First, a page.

Anni Dewani murder: Third South African man found guilty of killing honeymoon bride

 

Two years after Anni Dewani’s life was brutally cut short on honeymoon, her killer has been convicted.

For her family, who have patiently sought justice, it was a step in the right direction as they wait to see if her husband Shrien will be extradited to face trial accused of hiring her killers.

The British businessman and his new wife were on honeymoon in Cape Town in November 2010 when they were held at gunpoint after taking a night time taxi ride through the township of Gugulethu to see some of the “real Africa”. While the taxi driver Zola Tongo and the groom were forced from the car unharmed, Mrs Dewani’s body, with a single bullet wound to the neck, was discovered the next day in the abandoned car.

Today Xolile Mngeni, the man who fired the fatal shot into the 28-year-old newlywed, was found guilty of premeditated murder at Western Cape High Court.

Despite his protestations that he had been set up, Judge Robert Henney said: “The case against the accused is overwhelming and the accused could barely avoid the avalanche of evidence from crashing down on him.”

The conviction means that all three of the South Africans accused of killing Mrs Dewani have now been jailed. Her 32-year-old husband, who has consistently denied having anything to do with her death, continues to fight extradition with his lawyers insisting that he is too ill from depression and post-traumatic stress disorder to face trial in Cape Town.

Mrs Dewani’s uncle Ashok Hindocha said: “I’m happy that the case is moving forward. Now there’s only one last bit left and I hope we can get to that point as soon as possible, so that we can find closure.”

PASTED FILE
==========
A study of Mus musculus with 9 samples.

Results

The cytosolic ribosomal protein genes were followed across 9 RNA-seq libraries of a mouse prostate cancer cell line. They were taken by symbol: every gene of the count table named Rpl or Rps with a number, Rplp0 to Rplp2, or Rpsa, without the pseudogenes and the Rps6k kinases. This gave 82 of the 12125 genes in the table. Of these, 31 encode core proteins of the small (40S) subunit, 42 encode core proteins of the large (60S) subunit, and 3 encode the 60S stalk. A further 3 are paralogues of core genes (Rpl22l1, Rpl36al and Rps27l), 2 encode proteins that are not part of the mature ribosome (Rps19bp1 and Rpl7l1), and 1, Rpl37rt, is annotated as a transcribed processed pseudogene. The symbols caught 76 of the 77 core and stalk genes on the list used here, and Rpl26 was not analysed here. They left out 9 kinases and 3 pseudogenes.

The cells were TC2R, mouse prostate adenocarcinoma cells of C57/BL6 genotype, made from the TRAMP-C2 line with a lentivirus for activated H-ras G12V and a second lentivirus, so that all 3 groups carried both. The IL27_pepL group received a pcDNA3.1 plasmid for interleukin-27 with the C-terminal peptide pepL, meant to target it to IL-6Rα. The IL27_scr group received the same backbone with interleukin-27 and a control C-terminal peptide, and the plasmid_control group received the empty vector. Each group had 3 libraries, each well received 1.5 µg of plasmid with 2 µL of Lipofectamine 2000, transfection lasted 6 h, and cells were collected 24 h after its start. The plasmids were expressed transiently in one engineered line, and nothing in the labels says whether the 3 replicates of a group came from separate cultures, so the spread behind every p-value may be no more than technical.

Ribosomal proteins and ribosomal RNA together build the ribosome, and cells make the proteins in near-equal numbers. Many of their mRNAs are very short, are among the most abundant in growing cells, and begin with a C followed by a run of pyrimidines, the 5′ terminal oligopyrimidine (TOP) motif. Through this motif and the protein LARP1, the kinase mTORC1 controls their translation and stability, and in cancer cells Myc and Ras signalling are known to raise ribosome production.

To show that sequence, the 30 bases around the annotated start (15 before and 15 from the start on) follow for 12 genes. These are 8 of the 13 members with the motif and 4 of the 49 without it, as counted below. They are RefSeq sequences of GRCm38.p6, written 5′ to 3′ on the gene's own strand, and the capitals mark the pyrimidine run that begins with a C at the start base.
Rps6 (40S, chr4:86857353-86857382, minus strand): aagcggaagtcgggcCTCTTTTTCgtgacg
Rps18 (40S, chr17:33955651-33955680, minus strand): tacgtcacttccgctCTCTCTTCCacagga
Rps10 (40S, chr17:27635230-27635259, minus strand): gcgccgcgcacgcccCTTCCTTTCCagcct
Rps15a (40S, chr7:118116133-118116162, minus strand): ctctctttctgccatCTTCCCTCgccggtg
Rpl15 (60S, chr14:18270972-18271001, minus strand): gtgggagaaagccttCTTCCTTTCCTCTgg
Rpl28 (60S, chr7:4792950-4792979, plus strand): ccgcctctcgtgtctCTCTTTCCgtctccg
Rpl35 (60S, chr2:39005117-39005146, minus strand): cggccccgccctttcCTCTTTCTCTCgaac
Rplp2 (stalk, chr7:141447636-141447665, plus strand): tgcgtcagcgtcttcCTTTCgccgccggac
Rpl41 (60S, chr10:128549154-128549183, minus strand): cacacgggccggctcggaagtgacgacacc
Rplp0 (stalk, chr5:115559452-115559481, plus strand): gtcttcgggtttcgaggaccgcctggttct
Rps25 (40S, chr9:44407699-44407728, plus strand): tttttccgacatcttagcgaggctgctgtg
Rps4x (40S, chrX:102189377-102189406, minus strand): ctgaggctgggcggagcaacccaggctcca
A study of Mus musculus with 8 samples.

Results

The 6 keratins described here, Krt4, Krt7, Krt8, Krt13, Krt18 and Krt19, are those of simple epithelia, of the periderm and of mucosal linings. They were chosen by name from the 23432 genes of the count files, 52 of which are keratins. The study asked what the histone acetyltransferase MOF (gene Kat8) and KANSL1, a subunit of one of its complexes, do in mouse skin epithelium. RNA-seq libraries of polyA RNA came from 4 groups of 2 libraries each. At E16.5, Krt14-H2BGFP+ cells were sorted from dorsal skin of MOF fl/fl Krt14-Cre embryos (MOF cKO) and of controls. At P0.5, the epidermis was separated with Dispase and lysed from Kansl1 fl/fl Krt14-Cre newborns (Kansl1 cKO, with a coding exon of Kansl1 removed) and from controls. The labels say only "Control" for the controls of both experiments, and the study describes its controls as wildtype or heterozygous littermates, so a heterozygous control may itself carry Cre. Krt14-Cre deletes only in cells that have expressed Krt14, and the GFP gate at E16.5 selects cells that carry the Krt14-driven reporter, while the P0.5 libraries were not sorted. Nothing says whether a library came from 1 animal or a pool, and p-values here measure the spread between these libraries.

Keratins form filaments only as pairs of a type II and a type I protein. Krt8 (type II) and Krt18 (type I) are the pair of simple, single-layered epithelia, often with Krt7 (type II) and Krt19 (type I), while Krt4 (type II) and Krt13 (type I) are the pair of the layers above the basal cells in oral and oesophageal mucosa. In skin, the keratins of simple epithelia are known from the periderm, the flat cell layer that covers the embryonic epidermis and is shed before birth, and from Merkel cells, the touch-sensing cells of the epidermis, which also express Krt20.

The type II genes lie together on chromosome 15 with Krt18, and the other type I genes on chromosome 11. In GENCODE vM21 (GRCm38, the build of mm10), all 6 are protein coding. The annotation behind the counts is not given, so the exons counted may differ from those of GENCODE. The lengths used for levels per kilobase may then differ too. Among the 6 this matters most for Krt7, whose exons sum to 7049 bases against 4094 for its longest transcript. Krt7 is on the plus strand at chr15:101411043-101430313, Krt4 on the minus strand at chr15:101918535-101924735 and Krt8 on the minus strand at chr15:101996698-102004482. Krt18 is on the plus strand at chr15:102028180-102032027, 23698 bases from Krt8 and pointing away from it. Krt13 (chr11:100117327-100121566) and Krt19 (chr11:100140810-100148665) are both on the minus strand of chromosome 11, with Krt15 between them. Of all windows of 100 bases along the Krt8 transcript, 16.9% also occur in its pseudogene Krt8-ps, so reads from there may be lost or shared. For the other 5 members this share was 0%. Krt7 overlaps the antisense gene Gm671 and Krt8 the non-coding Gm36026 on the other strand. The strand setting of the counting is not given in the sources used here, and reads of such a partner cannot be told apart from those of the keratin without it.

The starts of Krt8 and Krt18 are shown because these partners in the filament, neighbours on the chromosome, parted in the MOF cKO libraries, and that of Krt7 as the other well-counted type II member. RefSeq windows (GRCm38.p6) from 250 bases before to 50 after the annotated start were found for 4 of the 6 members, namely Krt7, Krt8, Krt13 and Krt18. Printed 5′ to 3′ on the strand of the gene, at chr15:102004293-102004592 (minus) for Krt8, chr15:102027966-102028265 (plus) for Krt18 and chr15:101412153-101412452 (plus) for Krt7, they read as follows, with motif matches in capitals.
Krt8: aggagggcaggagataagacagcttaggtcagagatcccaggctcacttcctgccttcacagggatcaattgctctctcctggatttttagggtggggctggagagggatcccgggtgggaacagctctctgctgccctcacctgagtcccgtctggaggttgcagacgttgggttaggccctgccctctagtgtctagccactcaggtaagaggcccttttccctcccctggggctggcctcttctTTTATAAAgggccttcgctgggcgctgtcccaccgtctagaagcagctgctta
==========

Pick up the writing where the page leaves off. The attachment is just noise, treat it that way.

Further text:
Mngeni, 25, stood expressionless as the judgement was delivered before slowly making his way down the stairs to the cells using a walking frame. His trial was repeatedly delayed while he had surgery to remove a brain tumour.

He was also found guilty of robbery with aggravating circumstances and illegal possession of a firearm and ammunition but acquitted of kidnapping. He will be sentenced on Wednesday.

Tongo as well as another suspect Mziwmadoda Qwabe had previously both admitted their part in the crime, insisting that Mr Dewani organised the hit. After plea agreements they were sentenced to 18 years and 25 years respectively.

Mngeni’s trial heard how Qwabe admitted that the pair of them staged a carjacking. He was, he said, driving the car when Mngeni aimed a 7.62 mm pistol at Mrs Dewani and pulled the trigger. In a panic they threw the spent bullet casing into a sewer before fleeing.

In a 60-page judgment, Judge Henney dismissed claims by Mngeni’s lawyer that his client had been set up, describing Qwabe’s evidence as clear, precise, detailed and chronological.

Mngeni’s palm print was found on the taxi, he could not explain why he was seen with the other convicted men the day before or why he had two stolen phones from the case.

“The version of the accused was riddled with improbabilities, inconsistencies and untruths,” insisted the judge.

Mr Dewani has been fighting extradition for almost two years and in March the High Court temporarily halted the process, ruling that it would be “unjust and oppressive” to send him until he had recovered.

Last month Senior District Judge Howard Riddle heard from a psychiatrist who assessed Mr Dewani on behalf of the South African government and said it could be months, even years, before he is fit enough to be sent for trial.